On August 27, the third day of the start of the new school year, Sharoon Masih, a 17-year-old Christian boy, was killed when a Muslim classmate beat him in the classroom. According to Sharoon’s family, their son was killed because of widespread discrimination faced by Christians across Pakistan. Often, Christians are relegated to the lowest rungs of Pakistan’s social ladder. Considered low caste and dirty, many Christians are forced to endure daily discrimination that is intended to remind them of their “rightful” place in Pakistan. Did that stigma of low status contribute to the beating that ultimately led to Sharoon’s death? 

10/23/2017 Pakistan (Religious News Service) – On their son’s third day of high school, the parents of 17-year-old Sharoon Masih learned that he had been in a fight, had suffered a serious injury, and been taken to the hospital.

They rushed to the hospital and there found him dead.

“The boys from his class who had brought him there told us that he died in the classroom,” said his mother, Razia Bibi, a Christian woman in a predominantly Muslim country.

Police said that on Aug. 27 another student at the school — in Punjab, Pakistan’s most populous province — kicked Sharoon in the stomach and that he died of internal injuries. The student charged in his death now awaits trial, but police are not calling the attack a hate crime.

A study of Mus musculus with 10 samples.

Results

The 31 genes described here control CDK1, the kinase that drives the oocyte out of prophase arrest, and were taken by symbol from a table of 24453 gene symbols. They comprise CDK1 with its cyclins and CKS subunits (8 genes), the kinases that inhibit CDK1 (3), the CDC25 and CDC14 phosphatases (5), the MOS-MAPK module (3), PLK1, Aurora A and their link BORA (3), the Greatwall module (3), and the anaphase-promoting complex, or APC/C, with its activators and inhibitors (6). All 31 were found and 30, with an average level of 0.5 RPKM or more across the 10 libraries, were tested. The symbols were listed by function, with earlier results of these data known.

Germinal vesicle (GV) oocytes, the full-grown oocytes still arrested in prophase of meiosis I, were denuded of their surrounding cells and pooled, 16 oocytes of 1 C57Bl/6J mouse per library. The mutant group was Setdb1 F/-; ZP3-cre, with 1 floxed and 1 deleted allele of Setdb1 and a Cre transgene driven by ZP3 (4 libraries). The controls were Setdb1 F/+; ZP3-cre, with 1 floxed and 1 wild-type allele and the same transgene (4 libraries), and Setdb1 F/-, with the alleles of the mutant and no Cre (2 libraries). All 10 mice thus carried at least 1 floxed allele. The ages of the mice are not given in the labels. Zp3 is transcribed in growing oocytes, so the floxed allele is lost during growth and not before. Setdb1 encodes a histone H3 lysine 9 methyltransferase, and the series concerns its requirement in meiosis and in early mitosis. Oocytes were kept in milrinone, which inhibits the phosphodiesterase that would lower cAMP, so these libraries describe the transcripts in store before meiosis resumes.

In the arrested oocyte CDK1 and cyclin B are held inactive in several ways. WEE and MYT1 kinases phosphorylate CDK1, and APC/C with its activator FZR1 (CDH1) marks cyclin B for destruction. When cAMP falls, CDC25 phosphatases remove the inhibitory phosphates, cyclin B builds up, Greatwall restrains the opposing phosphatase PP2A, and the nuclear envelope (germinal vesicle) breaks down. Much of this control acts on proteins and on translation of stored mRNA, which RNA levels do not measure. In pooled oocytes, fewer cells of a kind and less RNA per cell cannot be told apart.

However, many Christian Pakistanis, who make up less than two percent of the country’s population, suspect the teenager was targeted because of his religion. Christians, they say, are often forced to occupy the lowest rungs of the social ladder, and are regularly discriminated against in education, employment and housing.

Advocates for Christians in Pakistan note that another Christian boy was killed violently this year: On Oct. 9, police killed a 14-year-old Christian boy in an incident still under investigation.

Pakistan is fourth on the list of 50 countries that the U.S.-based nonprofit Open Doors — which advocates for persecuted Christians — lists as the most difficult in which to be a Christian.

Christians, while one of the largest religious minorities in Pakistan, are far from the only group to suffer for their beliefs. The Ahmadiyya, who consider themselves Muslim but are widely labeled heretics, are forbidden by law from calling themselves Muslims, and have long been persecuted. Sunni Muslim extremists in his mostly Sunni country have launched lethal attacks against the Shiite minority.